Popular antivirus program is quietly selling millions of users' data

It's not the first time Avast has been likened to spyware.


An antivirus company that boasts hundreds of millions of users has been siphoning sensitive browsing data and selling it to major companies around the world via a subsidiary program, according to an explosive new joint investigation from PCMag and Motherboard. Jumpshot, a division of Avast, has sold de-identified data to names such as Google, Microsoft, Yelp, Pepsi, and more, largely unbeknownst to its 100 million users.

That includes everything from Google searches and Google Maps coordinates to YouTube videos and visits to porn sites — in some cases down to the very search terms used.

Honestly, what the fuck — Here’s yet another example of a company profiting off services that “protect” users’ online activity while simultaneously engaging in shady practices that could put these same users at risk. If nothing else, it feels extremely invasive. While the data may be de-identified before it’s sold to outside parties, the report points out that in some cases, it isn't all that hard to trace this information back to its owner.

Couple those device IDs with timestamped activity logs and additional data collected from Google, for example, and… well, that information isn’t so anonymous anymore. “Most of the threats posed by de-anonymization — where you are identifying people — comes from the ability to merge the information with other data,” Günes Acar, of the Katholieke Universiteit’s Computer Security and Industrial Cryptography research group, told the publications.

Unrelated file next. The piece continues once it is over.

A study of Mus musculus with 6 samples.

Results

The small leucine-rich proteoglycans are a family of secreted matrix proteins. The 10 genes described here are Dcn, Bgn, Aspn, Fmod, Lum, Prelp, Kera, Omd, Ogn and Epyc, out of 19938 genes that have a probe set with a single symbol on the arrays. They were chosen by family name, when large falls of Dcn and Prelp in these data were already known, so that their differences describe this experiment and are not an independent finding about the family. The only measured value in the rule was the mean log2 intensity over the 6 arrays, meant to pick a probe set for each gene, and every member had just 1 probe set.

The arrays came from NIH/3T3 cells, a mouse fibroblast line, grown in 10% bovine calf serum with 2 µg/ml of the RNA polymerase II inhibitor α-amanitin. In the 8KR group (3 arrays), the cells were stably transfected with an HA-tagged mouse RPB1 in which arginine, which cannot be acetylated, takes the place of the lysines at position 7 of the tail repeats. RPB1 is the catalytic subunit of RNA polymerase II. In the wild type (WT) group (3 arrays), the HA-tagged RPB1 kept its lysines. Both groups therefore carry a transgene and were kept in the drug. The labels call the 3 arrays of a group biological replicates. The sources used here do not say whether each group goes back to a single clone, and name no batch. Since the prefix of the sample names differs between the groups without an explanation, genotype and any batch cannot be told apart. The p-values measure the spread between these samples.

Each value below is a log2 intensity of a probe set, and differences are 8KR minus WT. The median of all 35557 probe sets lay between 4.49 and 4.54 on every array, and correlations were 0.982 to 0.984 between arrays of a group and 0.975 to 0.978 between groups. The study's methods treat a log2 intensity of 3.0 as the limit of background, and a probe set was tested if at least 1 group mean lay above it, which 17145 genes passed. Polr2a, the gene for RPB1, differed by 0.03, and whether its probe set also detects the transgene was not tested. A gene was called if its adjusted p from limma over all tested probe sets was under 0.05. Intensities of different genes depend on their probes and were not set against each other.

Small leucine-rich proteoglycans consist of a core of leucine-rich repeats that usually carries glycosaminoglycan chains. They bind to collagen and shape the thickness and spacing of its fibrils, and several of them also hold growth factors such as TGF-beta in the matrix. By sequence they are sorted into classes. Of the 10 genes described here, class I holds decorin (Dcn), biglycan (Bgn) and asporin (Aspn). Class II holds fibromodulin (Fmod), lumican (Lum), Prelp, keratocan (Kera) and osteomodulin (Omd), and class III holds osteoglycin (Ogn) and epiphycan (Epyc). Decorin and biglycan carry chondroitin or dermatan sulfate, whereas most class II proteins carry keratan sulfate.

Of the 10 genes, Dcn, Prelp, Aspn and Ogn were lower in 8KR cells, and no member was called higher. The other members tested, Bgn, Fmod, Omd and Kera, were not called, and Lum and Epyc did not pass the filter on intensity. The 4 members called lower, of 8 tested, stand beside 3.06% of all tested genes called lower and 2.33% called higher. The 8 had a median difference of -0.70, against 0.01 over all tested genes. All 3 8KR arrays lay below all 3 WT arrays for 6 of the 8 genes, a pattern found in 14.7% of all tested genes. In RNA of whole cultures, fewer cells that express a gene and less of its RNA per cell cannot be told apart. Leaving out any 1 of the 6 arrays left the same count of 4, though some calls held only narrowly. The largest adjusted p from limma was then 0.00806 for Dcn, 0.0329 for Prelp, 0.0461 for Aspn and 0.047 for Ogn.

This isn't even the first time Avast has come under fire for its data collection practices. In the past, some have gone as far as to call the program spyware, which is dishearteningly ironic given its purpose.

Opt-in, sell your soul — According to the report, high-paying clients were able to purchase an “All Clicks Feed,” among other products, giving them access to users’ precise internet activity. Avast has made some changes to its data-collection practices in recent years and, while the company recently said it stopped sharing data it had gathered through its browser plugin with Jumpshot, documents viewed by PCMag and Motherboard plus intel from a source familiar with the matter suggest otherwise.

The software itself now prompts users to opt-in to data collection. For those who do, “that device becomes part of the Jumpshot Panel and all browser-based internet activity will be reported to Jumpshot.” Users who spoke to the publications said that though they did opt-in, they didn’t realize their data would be sold.

Read the fine print — But even that isn’t always enough to know exactly what’s happening with your data, unfortunately. As the report points out, Avast’s pop-up does note that it shares data with Jumpshot, which may then provide its customers “aggregated insights,” but it fails to go into detail beyond that. Ah, how perfectly vague.